Background: A colorectal neoplasm that spreads superficially over the mucosa is known as a laterally spreading tumor. The clinicopathologic features of these large lesions and the efficacy and safety of endoscopic mucosal resection (EMR) were studied retrospectively.
Methods: Surgically or endoscopically resected laterally spreading tumors larger than 20 mm in diameter were studied. Lesions were divided into 2 macroscopic subtypes: F-type, composed of superficially spreading lesions with a flat and smooth surface, and G-type, composed of superficially spreading aggregates of nodules that form relatively flat, broad-based lesions with granulonodular and uneven surfaces.
Results: Thirty-three lesions were of the F-type and 87 the G-type. G-type (mean +/- SD, 35.3 +/- 11.4 mm) lesions were significantly larger (p < 0.01) than F-type (26.0 +/- 7.2 mm) lesions. F-type lesions had a significantly higher frequency of invasive cancer (27.2%) than G-types (10.3%)(p < 0.05). Of the 120 lesions, 81 (67.5%) were resected endoscopically. Patients with 78 of these lesions were followed postoperatively for 60.8 +/- 20.1 months. The rate of local recurrence of endoscopically treated tumors as determined at colonoscopy was 7.4% (6/78). These lesions were completely resected endoscopically. Distant metastases were not detected. Thirteen (16.0%) patients had local bleeding after EMR that was stopped endoscopically. Microperforation of the colonic wall as a result of EMR was diagnosed in 1 (1.2%) of 81 cases.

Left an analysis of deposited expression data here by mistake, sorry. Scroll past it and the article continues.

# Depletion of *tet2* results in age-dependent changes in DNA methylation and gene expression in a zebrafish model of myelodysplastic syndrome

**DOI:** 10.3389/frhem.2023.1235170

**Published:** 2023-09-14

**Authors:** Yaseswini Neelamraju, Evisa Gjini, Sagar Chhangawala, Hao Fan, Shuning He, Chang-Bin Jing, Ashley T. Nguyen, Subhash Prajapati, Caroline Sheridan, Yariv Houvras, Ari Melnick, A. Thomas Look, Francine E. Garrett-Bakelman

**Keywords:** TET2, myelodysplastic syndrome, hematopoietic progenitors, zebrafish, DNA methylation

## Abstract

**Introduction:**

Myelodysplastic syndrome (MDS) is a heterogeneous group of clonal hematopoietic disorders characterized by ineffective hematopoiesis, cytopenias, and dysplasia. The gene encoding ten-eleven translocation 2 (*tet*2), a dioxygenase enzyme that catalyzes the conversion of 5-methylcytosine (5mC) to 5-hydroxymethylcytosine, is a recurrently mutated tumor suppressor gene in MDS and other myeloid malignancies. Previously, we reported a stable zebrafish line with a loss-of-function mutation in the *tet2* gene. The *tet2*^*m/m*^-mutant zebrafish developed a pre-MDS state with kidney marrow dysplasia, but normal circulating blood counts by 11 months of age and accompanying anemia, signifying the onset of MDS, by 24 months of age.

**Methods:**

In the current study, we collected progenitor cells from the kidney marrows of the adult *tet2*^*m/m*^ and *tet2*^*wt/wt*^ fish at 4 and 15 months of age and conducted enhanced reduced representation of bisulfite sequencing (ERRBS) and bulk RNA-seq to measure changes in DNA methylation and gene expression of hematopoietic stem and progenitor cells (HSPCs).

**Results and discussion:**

Conclusions: Laterally spreading tumors larger than 20 mm, especially those of the G-type, have a low rate of invasion despite their relatively large size. The F-type lesion has a higher malignant potential than the G-type. EMR is an effective and safe treatment for the large laterally spreading tumor.